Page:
A very high quality pliable fibre is obtained from the leaves. It is used in the manufacture of ropes (they are not very strong), twine, fine cloth etc. The fibre can also be used for making paper The leaves are harvested in summer, they are scraped to remove the outer skin and are then soaked in water for 2 hours prior to cooking. The fibres are cooked for 24 hours with lye and then beaten in a ball mill for 4 hours. They make a cream paper.
The split leaves can be used to make nets, cloaks, sandals, straps etc. They are also used in making paper and basket making. A strip of a leaf is an excellent emergency string substitute for tying up plants in the garden, it can be tied into a knot without breaking. The leaf pulp, after the fibre has been removed, can be fermented to make alcohol. A gum found in the leaves is used as a paper glue. A brown dye is obtained from the flowers, it does not require a mordant. A terra-cotta dye is obtained from the seedpods. A mauve can also be obtained.
Prefers a rich loamy soil but is not too fussy, succeeding in peaty soils and in boggy moorland. Tolerates light shade but prefers full sun. Plants can be grown in quite coarse grass, which can be cut annually in the autumn. Prefers a sheltered position but tolerates maritime exposure. Plants tolerate occasional flooding with saline water.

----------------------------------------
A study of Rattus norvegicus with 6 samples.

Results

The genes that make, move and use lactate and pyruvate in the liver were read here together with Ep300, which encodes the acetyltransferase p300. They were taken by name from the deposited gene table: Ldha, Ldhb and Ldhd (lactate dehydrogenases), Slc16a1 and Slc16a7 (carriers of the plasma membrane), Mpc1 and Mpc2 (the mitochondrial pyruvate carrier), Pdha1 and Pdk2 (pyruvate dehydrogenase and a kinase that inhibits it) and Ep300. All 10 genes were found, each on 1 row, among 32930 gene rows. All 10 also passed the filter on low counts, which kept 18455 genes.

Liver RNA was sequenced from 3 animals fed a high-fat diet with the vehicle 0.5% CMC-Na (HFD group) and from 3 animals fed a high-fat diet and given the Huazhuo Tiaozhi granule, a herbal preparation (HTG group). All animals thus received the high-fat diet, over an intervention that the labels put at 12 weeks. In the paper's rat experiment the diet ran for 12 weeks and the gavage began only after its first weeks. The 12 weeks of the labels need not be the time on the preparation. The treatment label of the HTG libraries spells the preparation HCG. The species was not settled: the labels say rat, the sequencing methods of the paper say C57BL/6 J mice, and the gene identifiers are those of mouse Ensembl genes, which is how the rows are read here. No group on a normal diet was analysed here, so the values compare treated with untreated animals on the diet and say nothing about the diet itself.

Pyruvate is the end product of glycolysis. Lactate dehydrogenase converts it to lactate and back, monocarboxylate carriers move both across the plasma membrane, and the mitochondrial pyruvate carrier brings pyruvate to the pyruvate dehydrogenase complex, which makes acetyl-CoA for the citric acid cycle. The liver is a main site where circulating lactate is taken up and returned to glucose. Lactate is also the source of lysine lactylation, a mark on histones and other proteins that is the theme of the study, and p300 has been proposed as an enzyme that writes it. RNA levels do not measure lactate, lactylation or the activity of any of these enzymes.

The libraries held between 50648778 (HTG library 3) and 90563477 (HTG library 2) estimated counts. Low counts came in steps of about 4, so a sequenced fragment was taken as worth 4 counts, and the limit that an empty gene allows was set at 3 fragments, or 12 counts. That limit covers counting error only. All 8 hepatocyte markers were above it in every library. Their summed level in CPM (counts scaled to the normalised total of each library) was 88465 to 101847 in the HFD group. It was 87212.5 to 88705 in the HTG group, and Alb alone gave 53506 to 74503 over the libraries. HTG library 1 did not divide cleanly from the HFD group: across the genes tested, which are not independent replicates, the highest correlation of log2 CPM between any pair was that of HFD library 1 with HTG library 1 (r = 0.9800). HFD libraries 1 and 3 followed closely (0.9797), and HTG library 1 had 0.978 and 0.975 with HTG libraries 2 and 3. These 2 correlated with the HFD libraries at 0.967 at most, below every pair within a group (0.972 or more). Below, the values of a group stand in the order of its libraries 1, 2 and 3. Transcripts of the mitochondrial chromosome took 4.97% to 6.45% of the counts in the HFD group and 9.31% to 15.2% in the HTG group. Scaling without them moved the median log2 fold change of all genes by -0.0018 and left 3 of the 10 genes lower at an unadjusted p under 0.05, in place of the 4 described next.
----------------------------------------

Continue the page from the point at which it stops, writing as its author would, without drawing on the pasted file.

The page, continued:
Plants can withstand temperatures down to about -11°c, but they can be killed in very severe winters in Britain. A polymorphic species, there are many named varieties grown in Britain. This species hybridizes readily with P. colensoi and there are many named forms that may be hybrids with that species. This plant has been considered for commercial cultivation for its fibre, though there is some difficulty in mechanically extracting the fibres due to the presence of a gum in the leaves. An alkali has been successfully used to break down the gum but this weakens the fibre. The Maoris had selected many different cultivars for different uses.
Members of this genus are rarely if ever troubled by browsing deer or rabbits.